A restless defender of democratic values, Teodoro Petkoff never stopped criticizing Hugo Chávez’s autocratic tendencies and never gave up on his country, notes Dorothy Kronick, an assistant professor of political science at the University of Pennsylvania.
For many suffering from Venezuela’s economic and humanitarian crisis, the death last week of elder statesman Petkoff, at age 86, seemed yet another cause for despair. A Venezuelan journalist wrote that he felt orphaned. Another called Mr. Petkoff, a fierce critic of the country’s autocracy, “one of the last beacons of democratic integrity”, she writes for The New York Times.
“He leaves Venezuela and the region without a mandate on social commitment, political coherence and defense of democratic values,” Luis Almagro, secretary general of the Organization of American States, said on Twitter. “His struggle for freedom of expression and defense of human rights will never be forgotten.”
“His life covered every step,” said Jorge Castañeda, a former foreign minister of Mexico and a professor at New York University, “from Cuban-sponsored guerrilla fighter in the early ’60s, to democratic socialism in the ’70s, to becoming in the ’80s and ’90s a critic of the corrupt Venezuelan political system and someone trying to fix it without breaking it.”
Petkoff became “constructively critical” of Hugo Chavez after he took office in 1999 but later sharpened his critique “to the point that his newspaper was shut down and he was the victim of constant harassment,” said Castañeda, the author of “Utopia Unarmed: The Latin American Left After the Cold War” (1993).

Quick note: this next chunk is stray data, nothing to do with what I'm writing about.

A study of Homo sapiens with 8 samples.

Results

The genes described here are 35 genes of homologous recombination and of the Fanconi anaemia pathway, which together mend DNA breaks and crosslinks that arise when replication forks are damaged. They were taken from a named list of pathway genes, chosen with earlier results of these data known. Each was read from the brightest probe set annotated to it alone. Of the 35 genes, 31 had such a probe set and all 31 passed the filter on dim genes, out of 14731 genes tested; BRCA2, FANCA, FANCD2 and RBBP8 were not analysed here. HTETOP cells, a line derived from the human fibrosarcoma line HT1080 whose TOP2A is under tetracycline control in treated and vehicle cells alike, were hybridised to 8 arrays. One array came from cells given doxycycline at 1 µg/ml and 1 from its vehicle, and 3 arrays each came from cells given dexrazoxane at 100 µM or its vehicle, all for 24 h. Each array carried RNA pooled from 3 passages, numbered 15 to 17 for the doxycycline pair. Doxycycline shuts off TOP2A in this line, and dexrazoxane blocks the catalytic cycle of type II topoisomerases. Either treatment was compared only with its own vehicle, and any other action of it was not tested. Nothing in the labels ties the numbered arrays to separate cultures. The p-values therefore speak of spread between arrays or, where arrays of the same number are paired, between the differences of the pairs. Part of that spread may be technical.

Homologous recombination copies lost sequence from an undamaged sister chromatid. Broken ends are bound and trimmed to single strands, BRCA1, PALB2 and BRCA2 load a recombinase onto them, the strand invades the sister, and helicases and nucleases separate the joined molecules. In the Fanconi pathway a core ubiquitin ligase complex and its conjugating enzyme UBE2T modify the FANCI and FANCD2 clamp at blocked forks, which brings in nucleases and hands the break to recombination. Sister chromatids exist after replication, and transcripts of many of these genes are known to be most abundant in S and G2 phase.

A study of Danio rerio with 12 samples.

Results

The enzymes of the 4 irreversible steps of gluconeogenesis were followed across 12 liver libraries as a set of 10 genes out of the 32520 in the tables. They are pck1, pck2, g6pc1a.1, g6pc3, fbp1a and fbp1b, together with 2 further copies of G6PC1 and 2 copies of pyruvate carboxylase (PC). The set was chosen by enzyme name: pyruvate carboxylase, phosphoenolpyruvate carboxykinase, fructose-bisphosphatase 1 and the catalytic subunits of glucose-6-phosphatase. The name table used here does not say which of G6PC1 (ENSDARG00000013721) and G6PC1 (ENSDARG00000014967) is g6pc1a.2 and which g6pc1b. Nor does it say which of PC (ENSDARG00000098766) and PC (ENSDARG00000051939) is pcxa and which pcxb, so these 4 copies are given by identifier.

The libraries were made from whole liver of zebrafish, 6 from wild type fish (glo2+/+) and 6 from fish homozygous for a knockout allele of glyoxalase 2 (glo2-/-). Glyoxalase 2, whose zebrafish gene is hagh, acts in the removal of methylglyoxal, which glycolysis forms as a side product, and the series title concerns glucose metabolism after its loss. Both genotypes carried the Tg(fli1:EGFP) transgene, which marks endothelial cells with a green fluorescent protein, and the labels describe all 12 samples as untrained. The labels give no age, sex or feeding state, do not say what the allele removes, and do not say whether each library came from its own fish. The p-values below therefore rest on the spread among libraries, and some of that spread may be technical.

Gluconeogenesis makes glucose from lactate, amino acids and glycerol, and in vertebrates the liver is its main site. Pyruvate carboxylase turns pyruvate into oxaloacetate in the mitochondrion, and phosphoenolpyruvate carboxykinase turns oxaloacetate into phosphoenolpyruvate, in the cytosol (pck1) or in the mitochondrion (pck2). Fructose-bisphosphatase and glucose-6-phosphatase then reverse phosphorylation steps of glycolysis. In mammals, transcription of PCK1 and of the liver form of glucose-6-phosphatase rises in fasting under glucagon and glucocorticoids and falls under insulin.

“If you look at the Latin American left from the early 1960s you can see the same evolution — less so in Venezuela,” he continued. “He certainly both reflected that evolution and contributed to that evolution.”
In the late 1990s, he served as planning minister under President Rafael Caldera. He was credited by Wall Street and the International Monetary Fund with returning state-run companies to private ownership, shrinking the bureaucracy and curbing inflation while improving social programs. In 1998, he bolted the political party he had founded because it endorsed Mr. Chavez’s presidential candidacy.
“Teodoro Petkoff was a mentor to at least three generations of Venezuelans. I count myself among them,” said former Tal Cual columnist Ibsen Martinez. “He instilled in us the idea that democracy and tolerance. . . are the essence of social justice.”
The government of President Nicolás Maduro has hit [Petkoff’s newspaper] Tal Cual with a volley of lawsuits, one of which barred Teodoro from leaving the country and ordered him to make weekly appearances in court. He was 82 years old, Kronick adds.